Talks: JBSP 50th Anniversary Conference
- Fri 31 May 2019
- 10:30 am
JBSP 50th Anniversary Conference: On the History of Being – After the Black Notebooks (2019)
In celebration of Volume 50 of the Journal of the British Society for Phenomenology, the British Society for Phenomenology is running a three-day conference, examining the contribution of Heidegger’s Schwarze Hefte (Black Notebooks) to an understanding of the question of the history of being.
Location and time
> International Anthony Burgess Foundation, Manchester, UK (See ‘Location’ below).
> Friday 31 May (10.30 am) to Sunday 2 June (13.15 pm), 2019.
> Prof. Babette Babich (Fordham University and University of Winchester)
> Prof. Robert Bernasconi (Pennsylvania State University)
> Dr. Francesca Brencio (University of Seville)
Following the publication of the Contributions to Philosophy, the Besinnung and the History of Being, the question of the significance of Heidegger’s later work has been widely discussed. However, the manifold difficulties raised by this Turning from the Question of the Meaning of Being to the Question of the History of Being, has led many philosophers to condemn the obscurity of these later works, particularly in contrast to the clarity of Being and Time. And yet, insofar as Heidegger’s later philosophy attempts to make our contemporary world question-worthy in an essential sense, it belongs with the most significant thought philosophy currently has to offer.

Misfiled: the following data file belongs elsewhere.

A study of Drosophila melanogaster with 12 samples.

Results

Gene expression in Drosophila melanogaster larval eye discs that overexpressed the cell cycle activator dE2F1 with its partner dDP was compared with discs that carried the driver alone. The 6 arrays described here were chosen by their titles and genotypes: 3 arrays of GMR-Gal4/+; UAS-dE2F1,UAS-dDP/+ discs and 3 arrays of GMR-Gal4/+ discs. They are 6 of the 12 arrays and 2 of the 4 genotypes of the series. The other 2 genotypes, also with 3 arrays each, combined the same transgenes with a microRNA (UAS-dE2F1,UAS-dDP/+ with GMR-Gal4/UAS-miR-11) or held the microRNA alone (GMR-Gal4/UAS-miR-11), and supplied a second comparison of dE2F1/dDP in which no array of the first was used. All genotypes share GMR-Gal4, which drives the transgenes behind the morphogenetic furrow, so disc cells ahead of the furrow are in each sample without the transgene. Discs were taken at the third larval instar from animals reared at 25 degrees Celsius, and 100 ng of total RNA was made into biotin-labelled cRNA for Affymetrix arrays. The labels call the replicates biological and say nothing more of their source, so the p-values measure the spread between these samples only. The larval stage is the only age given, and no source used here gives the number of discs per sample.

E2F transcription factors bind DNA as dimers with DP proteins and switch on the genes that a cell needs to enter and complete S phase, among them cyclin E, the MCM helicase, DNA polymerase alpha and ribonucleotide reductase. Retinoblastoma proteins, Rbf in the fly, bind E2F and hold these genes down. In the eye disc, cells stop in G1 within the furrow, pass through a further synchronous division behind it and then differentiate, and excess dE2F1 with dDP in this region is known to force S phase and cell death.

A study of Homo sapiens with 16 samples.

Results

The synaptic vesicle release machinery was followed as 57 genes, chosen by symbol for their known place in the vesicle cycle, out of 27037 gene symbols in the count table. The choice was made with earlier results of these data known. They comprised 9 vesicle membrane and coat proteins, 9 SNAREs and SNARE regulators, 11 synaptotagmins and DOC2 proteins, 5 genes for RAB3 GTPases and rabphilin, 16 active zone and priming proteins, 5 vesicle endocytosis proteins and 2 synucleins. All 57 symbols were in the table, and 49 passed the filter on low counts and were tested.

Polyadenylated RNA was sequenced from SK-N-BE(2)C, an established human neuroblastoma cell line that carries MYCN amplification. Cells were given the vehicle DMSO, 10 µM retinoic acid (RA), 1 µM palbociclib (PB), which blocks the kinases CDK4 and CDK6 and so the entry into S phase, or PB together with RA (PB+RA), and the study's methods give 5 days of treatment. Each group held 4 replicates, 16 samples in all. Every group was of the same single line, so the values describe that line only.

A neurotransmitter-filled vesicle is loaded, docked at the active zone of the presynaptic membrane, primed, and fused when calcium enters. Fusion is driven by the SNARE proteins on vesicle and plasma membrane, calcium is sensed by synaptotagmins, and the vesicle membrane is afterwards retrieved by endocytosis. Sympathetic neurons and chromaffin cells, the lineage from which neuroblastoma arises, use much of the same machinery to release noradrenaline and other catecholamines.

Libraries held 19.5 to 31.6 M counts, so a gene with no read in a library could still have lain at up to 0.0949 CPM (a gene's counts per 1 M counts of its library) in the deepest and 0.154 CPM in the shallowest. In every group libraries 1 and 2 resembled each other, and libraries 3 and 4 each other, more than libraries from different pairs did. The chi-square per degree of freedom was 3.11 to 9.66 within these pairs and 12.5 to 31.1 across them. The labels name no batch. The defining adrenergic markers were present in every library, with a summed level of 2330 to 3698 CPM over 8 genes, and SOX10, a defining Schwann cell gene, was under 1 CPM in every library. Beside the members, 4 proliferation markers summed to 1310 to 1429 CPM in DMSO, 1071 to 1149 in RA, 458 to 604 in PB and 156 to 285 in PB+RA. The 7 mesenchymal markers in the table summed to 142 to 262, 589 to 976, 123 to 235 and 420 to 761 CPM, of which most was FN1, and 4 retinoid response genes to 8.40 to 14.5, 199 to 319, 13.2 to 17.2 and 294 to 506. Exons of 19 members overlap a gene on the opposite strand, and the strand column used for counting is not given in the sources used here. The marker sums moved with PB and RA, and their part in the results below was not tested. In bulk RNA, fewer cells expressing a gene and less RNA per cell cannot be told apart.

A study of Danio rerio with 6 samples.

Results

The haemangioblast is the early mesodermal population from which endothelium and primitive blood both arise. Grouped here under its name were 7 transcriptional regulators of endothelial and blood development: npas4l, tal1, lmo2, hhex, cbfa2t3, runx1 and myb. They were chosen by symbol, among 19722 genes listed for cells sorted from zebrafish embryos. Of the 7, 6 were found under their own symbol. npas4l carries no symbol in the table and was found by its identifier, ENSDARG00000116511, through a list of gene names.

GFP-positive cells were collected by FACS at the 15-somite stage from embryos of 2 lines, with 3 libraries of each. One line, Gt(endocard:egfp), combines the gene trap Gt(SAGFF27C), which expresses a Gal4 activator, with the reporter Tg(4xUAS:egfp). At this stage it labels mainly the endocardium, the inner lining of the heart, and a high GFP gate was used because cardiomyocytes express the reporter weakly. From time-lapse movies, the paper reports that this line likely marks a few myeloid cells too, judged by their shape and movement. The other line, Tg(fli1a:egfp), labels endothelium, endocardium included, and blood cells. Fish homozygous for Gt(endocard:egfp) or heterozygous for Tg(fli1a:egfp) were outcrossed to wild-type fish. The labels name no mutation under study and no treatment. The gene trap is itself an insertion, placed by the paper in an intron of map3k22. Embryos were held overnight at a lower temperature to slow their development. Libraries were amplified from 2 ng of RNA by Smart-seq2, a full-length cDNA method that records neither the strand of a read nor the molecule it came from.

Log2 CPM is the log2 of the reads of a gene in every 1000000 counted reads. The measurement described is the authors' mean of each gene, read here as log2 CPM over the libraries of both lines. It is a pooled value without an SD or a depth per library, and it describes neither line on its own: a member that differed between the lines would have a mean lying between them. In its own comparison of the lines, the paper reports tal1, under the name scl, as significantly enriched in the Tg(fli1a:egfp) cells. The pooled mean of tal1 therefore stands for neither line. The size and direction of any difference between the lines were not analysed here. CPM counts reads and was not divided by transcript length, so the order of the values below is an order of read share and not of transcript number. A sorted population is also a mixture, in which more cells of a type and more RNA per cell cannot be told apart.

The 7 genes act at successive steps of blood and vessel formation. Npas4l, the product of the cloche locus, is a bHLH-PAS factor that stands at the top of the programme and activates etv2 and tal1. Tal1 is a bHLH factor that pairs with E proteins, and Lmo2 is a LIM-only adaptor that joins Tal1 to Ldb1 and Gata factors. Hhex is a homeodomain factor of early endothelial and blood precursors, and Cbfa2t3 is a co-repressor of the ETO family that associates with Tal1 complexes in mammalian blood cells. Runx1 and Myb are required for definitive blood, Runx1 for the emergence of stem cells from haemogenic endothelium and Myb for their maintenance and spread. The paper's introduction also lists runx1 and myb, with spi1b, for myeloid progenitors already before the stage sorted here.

The aim of this conference is to explore the importance of the Schwarze Hefte (GA 94, 95, 96 & 97) beyond their contribution to Heidegger’s political biography. While attention has up to now focused almost exclusively on other matters, the ‘Black Notebooks’ offer new views and perspectives on Heidegger’s writings from the 1930s and 1940s, and beyond. They do so from various angles, including reflections on metaphysics, on politics as much as on the political situation of the time, on the main authors that Heidegger worked on during these years, on aesthetics, on his personal position in Germany, as well as on the works he had already published.
In other words, for anyone trying to understand, evaluate and transform Heidegger’s later thinking, to see where and how he moves beyond the parameters of the historico-transcendental tradition of the 19th century, these volumes offer immeasurable wealth and it is this wealth that this conference aims to uncover.
For more details on the programme, including downloadable abstracts, see the British Society for Phenomenology website.